In the wake of Dubon’s bunt, however, the aggrieved faces in the Padres’ dugout conveyed plenty of meaning. With the Giants leading by six runs, bunting for a hit was a no-no. It crossed a line. It violated an unwritten rule.

Last Friday, San Francisco led Washington by six runs in the ninth inning when Thairo Estrada attempted to steal second base. This will go down as another meaningless play. Estrada was thrown out trying to score on a Brandon Crawford single. Yet clearly it meant something. The Nationals’ veteran shortstop, Alcides Escobar, yelled in the direction of the Giants’ dugout as the inning ended – another line crossed, another unwritten rule broken.

Every season, baseball’s unwritten rules are revisited by fans and broadcasters and social media pundits. Every season, these rules seem shifty and vague. From the outside, the rules seem to bear less and less meaning every year. Two things never change, though: some unwritten rules always remain, and they always remain unwritten.

That’s because, inside the game, the rules serve a hidden purpose. We often see overly aggressive tactics motivate the players on the receiving end when their anger boils over. The Giants’ repeated infractions invite a different question: can breaking an unwritten rule motivate one’s own teammates?

I put that question to Adam Law, a mental skills coach for the Dodgers. After seven minor league seasons in the Dodgers’ and Seattle Mariners’ organizations, Law retired as a player and obtained his M.A. in performance psychology. He’s uniquely qualified to know what motivates baseball players.

The answer, in a word, is anything.

“From a theoretical standpoint, there’s something called reversal theory: how you interpret a situation impacts how you respond to it,” Law said. “If I’m a pitcher and a hitter drag bunts on me and we’re losing by 10, that’s what the situation is, reversal theory says you can use that as a way to pump you up or you can roll over and die from it. You can use it as motivation.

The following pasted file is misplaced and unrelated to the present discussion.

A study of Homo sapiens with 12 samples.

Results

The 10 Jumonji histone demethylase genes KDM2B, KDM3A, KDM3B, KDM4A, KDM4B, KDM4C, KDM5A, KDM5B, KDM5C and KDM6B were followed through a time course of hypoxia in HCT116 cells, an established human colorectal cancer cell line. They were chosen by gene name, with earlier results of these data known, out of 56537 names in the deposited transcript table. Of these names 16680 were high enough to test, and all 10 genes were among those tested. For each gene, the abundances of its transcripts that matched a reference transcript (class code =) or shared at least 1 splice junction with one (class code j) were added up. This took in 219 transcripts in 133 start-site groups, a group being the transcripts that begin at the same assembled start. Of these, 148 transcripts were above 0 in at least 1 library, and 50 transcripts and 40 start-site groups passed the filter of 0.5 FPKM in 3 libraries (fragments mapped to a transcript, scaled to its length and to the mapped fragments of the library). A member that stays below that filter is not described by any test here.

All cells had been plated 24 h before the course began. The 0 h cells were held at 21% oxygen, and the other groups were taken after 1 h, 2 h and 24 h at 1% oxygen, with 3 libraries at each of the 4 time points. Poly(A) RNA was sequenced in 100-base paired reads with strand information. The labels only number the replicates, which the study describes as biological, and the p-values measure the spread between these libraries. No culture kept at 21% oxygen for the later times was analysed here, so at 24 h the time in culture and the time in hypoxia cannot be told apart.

“The other dugout chirping at their guys, the umpire rubs you the wrong way – you can look at any situation and use it to fire yourself up. You can interpret your feelings that way as well. Guys who are more externally motivated, those dudes are looking for anything to give them a push.”

Law said the same principle applies to a teammate breaking an unwritten rule by playing aggressively in a game that isn’t close. To an established veteran, seeing a younger player competing as if each at-bat is his last might serve as positive motivation. (It’s worth noting here that neither Dubon, 27, nor Estrada, 26, has established himself as an everyday player in a 162-game season.)

This also helps explain why unwritten rules remain unwritten: They can vary from player to player and team to team. What motivates one player might go unnoticed by another.

How long is a hitter allowed to watch a fly ball as it sails over a fence? Ask Arizona Diamondbacks pitcher Madison Bumgarner and the answer might be different from any of his peers. How soon before a game should a starting pitcher be allowed to jog onto the field from the bullpen? Five years ago, Tyler Anderson (who was pitching for the Colorado Rockies then) irked current teammate Clayton Kershaw by taking his time jogging into the visitors’ dugout at Dodger Stadium. Perhaps they have reached consensus on this question.

“I don’t know (Tampa Bay Rays pitcher) Corey Kluber,” Law said, “but watch him and he’s like a robot. Fly out to right field, jog across the mound, and he’s not going to say anything about it. Get a guy who isn’t as calm under pressure, a little more flamboyant on the mound, and you can do things that fire him up and get him out of his game.”

For players, then, a code of unwritten rules is always accessible if you want it. And if some players will always want it, some semblance of a code will never go away – no matter how new-school your manager (or your opponent’s manager) professes to be. The thirst for motivation is simply too powerful.

Just don’t mistake unwritten rules for the kind that would ever be written down. Too often, this is the case when managers are pressed on the topic. Gabe Kapler, the Giants’ proudly progressive manager, illustrated the point perfectly when he addressed reporters after the game against the Nationals.

“What’s the threshold? One team thinks it’s eight runs in the sixth inning,” Kapler said. “Another team thinks just keep going after it as long as you’re early in the game. But there’s no real cutoff point. That’s a tough place to be. I don’t think that there should be any of that, personally, clearly, but at the same time I understand that we all have different opinions and vantage points and it’s OK.”

Angels skipper Joe Maddon, who has managed in parts of 19 major league seasons, agreed.

“I’m not into unwritten rules anyways,” Maddon said Wednesday. “If somebody’s kicking our (butt) and continues to do things, it’s our fault. It’s not their fault.”